REQUIRED TEXTS: A. Yariv, Quantum Electronics , Wiley & Sons, 3 rd edition (1989)



COURSE GOALS: To review the basic principles of quantum mechanics, and study specific applications, with particular emphasis on topics of interest to graduate students in electrical engineering. Topics include: axioms of quantum mechanics; operators; wavefunction; Schrodinger equation; the hydrogen atom; the harmonic oscillator, creation and annihilation operators; matrix formulation; perturbation theory; lattice vibrations and phonons; electromagnetic fields and their quantization, photons; interaction of radiation and atomic systems; spontaneous and induced transitions; Einstein coefficients; photon statistics.

PREREQUISITES BY TOPIC: Graduate standing in Electrical and Computer Engineering.


Week 1: Review of Quantum Mechanics

Week 2-3: Hydrogen atom; harmonic oscillator, coherent states

Week 4: WKB approximation and “Old Q. M.”

Week 5: Matrix formulation; perturbation theory; Fermi's Golden Rule

Week 6: Lattice vibrations and their quantization; phonons

Week 7: Electromagnetic fields and their quantization: Slater modes; second quantization; photons

Week 8: Optical beams in lenslike media: Ray tracing; equation for quasi-plane waves

Week 9-10 Interaction of radiation and atomic systems: atomic susceptibility; atomic transitions; Einstein coefficients

COMPUTER USAGE: Use of Matlab, Mathematica, or equivalent.


  • Homework – 30%
  • Midterm exam – 30%
  • Final exam – 40%

COURSE OBJECTIVES: When a student completes this course, s/he should be able to:

  • Understand basic concepts of quantum mechanics, such as wave functions, uncertainty principle, etc., and their applicability to the description of electrical charges and electromagnetic fields.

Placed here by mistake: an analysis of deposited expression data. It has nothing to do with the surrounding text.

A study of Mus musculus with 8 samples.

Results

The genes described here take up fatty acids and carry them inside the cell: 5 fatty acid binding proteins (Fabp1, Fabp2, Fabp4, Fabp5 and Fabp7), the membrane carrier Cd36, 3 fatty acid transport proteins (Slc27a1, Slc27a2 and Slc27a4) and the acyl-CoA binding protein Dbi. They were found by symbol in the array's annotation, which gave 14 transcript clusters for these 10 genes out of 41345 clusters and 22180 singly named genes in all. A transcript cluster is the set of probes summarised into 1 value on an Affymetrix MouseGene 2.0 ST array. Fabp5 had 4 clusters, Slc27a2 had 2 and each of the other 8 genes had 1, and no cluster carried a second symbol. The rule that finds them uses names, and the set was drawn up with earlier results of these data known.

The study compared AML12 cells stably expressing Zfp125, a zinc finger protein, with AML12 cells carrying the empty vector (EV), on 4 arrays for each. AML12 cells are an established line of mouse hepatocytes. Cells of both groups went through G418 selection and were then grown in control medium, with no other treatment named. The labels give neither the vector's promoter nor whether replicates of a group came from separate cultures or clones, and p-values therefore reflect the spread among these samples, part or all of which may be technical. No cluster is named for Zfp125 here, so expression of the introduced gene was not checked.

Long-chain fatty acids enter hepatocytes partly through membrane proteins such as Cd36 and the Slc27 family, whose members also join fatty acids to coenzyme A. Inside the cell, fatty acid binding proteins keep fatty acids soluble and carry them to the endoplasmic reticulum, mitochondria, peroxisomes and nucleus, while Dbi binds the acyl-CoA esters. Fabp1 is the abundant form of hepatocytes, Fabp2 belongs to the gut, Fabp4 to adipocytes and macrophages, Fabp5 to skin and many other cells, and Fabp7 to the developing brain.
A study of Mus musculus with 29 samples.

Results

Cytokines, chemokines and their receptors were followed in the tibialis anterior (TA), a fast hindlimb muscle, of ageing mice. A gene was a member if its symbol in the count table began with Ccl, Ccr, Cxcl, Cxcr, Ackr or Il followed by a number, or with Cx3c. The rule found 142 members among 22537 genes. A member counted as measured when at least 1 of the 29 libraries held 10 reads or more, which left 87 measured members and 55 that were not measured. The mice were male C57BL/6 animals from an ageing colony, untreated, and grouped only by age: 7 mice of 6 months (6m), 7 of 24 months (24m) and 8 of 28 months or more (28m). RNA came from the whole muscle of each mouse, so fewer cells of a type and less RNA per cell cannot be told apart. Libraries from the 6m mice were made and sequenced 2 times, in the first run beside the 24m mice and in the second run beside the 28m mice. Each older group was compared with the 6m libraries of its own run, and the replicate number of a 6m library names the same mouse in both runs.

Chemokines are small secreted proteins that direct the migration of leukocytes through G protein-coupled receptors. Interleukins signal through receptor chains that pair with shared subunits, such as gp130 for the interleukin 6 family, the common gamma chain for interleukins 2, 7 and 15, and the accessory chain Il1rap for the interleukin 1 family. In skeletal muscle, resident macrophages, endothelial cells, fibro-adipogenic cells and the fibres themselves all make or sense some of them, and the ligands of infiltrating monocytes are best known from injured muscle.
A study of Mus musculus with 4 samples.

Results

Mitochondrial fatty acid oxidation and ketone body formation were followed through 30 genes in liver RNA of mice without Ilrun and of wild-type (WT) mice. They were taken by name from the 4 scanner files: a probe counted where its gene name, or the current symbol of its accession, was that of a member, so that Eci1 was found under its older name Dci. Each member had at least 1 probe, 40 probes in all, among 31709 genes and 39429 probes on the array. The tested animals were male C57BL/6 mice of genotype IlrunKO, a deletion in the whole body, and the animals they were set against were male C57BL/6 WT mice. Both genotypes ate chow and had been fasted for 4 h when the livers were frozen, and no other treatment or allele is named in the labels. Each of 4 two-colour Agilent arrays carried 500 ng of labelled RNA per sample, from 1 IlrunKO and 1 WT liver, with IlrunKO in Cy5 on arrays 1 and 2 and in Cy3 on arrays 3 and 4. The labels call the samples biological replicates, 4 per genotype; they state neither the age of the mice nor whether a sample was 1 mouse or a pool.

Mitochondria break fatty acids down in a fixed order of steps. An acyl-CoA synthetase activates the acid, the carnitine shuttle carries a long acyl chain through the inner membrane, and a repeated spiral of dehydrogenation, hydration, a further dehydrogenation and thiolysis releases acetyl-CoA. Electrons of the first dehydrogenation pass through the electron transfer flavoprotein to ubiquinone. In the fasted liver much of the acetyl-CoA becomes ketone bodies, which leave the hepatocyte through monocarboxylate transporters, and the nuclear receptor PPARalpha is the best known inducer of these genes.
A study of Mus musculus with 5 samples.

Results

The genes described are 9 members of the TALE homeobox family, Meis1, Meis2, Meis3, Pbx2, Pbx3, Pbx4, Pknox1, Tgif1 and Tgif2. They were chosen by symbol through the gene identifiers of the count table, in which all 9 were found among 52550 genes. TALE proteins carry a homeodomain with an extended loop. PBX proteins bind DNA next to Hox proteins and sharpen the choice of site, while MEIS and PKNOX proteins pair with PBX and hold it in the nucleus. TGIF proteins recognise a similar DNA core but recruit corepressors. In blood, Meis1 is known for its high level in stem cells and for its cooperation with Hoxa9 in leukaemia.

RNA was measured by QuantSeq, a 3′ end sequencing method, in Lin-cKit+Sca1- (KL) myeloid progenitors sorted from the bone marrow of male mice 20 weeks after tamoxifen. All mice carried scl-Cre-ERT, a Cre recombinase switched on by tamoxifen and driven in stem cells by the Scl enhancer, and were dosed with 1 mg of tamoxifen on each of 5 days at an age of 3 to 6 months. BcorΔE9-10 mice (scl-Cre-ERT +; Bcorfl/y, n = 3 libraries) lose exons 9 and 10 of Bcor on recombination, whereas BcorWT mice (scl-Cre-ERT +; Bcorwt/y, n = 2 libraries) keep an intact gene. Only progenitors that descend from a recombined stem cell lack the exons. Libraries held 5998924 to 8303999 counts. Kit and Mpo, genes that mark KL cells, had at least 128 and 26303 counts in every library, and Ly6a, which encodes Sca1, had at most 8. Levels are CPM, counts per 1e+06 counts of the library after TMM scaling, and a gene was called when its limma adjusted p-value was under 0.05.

• Perform calculations of energy levels and wavefunctions for standard potential wells. In particular, become familiar with the properties of the harmonic oscillator, including creation and annihilation operators.
  • Understand the principles of the “Old Quantum Mechanics,” and be able to use the WKB method to gain considerable insight into the form of the wavefunctions in arbitrary potential wells.
  • Understand the origin of the matrix formulation of Q.M., and how it relates to the operator formulation.
  • Understand how peturbation theory can be used to calculate interaction strengths; understand in particular the origin and significance of Fermi's Golden Rule.
  • Understand the dynamics of lattice vibrations from a classical standpoint; be able to make the transition to the Q.M. description, and their quantization. Understand the concept of phonons and their properties.
  • Understand the classical modes of resonance of the electromagnetic field, and make the transtion to the Q.M. description, and their quantization. Understand the concept of photons and their properties.
  • Understand the parallel between propagation of light rays in graded index media, and the Schrodinger equation for a particle in a potential well.
  • Understand the Q.M. treatment of the interaction between the electromagnetic field and an atom, and the origin of spontaneous and stimulated transitions; understand the Q.M. calculation of the Einstein coefficients, and its agreement with the semi-classical result.
  • Understand how the density matrix formalism can be used to study photon statistics, and how Gaussian or Poisson statistics are obtained under different circumstances.